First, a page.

Why can't communist become citizens, but Nazis can?
Did you know that if you wanted to become a citizen, or a legal resident of the United States, you cannot be a member of a communist party. Not just a member of the Communist party of say, China (which we do a lot business with ironically) but even a communist party member here in the U.S.
Now, while it mentions communist parties, it does not mention the Nazi party, or other fascist parties. It does though mention a ban on those belonging to a "totalitarian party" but that is open to the interpetation of a government official. Also those who "write or publish subversive material" are prohibited. But, who determines what is subversive? Is subversive just simple dissent, if not, when does dissent become subversive?
Paul Robeson, an American who was born in New Jersey, was banned from traveling outside of the United States, for his advocacy of civil rights for African Americans, in the early 1950s. Indeed, he was told by the government, that "his frequent criticism of the treatment of blacks in the United States should not be aired in foreign countries—it was a `family affair." It didn't probably help Mr. Robeson that he was an advocate of communism.
This is hard to believe. In fact, I didn't know about this fact until I started doing basic research on this story. At one time, until a Supreme Court ruling in 1964, it was legal for our government to ban the movement of citizens to other nations because the government didn't like their speech. How is this any different than a giant Berlin Wall that forced East Germans and East Berliners to stay on one side of a wall? Well, it isn't.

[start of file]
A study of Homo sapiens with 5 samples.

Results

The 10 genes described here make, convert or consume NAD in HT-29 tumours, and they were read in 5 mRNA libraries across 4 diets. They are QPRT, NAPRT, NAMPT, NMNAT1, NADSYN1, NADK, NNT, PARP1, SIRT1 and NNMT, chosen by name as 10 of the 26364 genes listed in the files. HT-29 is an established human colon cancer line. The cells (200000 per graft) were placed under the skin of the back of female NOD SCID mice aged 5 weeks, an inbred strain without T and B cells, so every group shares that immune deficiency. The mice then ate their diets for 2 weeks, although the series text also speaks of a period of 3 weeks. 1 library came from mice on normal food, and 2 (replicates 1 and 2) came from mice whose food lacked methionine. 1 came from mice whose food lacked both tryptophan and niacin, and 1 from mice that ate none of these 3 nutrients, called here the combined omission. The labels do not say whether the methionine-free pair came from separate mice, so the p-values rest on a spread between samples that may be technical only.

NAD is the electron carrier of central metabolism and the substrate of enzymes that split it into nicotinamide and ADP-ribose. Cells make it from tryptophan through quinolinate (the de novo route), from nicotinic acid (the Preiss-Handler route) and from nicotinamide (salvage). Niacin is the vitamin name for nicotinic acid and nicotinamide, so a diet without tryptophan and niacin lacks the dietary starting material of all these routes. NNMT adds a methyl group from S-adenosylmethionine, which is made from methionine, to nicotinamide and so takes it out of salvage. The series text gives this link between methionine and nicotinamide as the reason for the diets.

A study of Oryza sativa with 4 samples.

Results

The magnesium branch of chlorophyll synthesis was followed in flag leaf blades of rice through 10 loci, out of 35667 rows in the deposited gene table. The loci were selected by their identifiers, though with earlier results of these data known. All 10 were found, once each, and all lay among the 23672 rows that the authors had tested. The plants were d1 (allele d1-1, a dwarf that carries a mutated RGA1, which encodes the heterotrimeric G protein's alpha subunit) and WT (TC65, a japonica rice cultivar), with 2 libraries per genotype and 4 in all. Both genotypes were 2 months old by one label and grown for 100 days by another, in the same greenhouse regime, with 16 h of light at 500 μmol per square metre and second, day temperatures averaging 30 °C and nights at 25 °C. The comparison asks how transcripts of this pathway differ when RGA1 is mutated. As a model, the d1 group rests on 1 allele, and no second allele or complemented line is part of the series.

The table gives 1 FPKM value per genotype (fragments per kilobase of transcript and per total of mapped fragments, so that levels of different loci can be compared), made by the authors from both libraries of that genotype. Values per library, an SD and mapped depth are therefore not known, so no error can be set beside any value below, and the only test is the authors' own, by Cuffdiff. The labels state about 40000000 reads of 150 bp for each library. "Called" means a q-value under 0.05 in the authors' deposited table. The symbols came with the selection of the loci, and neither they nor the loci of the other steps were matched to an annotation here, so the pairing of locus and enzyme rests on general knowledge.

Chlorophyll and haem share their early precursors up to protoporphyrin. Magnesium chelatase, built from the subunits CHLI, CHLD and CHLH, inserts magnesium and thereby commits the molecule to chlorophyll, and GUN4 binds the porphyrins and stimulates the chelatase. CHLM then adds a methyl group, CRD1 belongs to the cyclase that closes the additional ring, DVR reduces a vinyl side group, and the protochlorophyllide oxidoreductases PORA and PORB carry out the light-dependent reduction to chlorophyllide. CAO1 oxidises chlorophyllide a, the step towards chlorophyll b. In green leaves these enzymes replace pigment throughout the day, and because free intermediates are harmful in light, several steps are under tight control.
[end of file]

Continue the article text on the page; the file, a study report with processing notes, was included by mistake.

I don't advocate communism, I am on the left, but definately not that far on the left. But, communists, like Nazis and every other group, have the right to advocate their beliefs. Including advocating them overseas. That not only people were banned because of communist beliefs but also because of their advocacy for civil rights, is downright amazing, let alone Orwellian.
Oh by the way, these anti-communists/anti-constitutional acts allowed for things such as arrests of those who protest outside courthouses, in trying to influence a jury. Jury nullification is acting on the fact that we have a right to not convict under unjust laws, in particular drug laws. That right predates even our nation, under common law.
If not for the courts, in particular the Supreme Court, we still might be barring not only communists but socialists or even Green party members, from leaving the U.S. Other rights, would be in a shamble. So whoever says the courts have too much power, is not someone whose own personal liberty is threatened. At least, for now.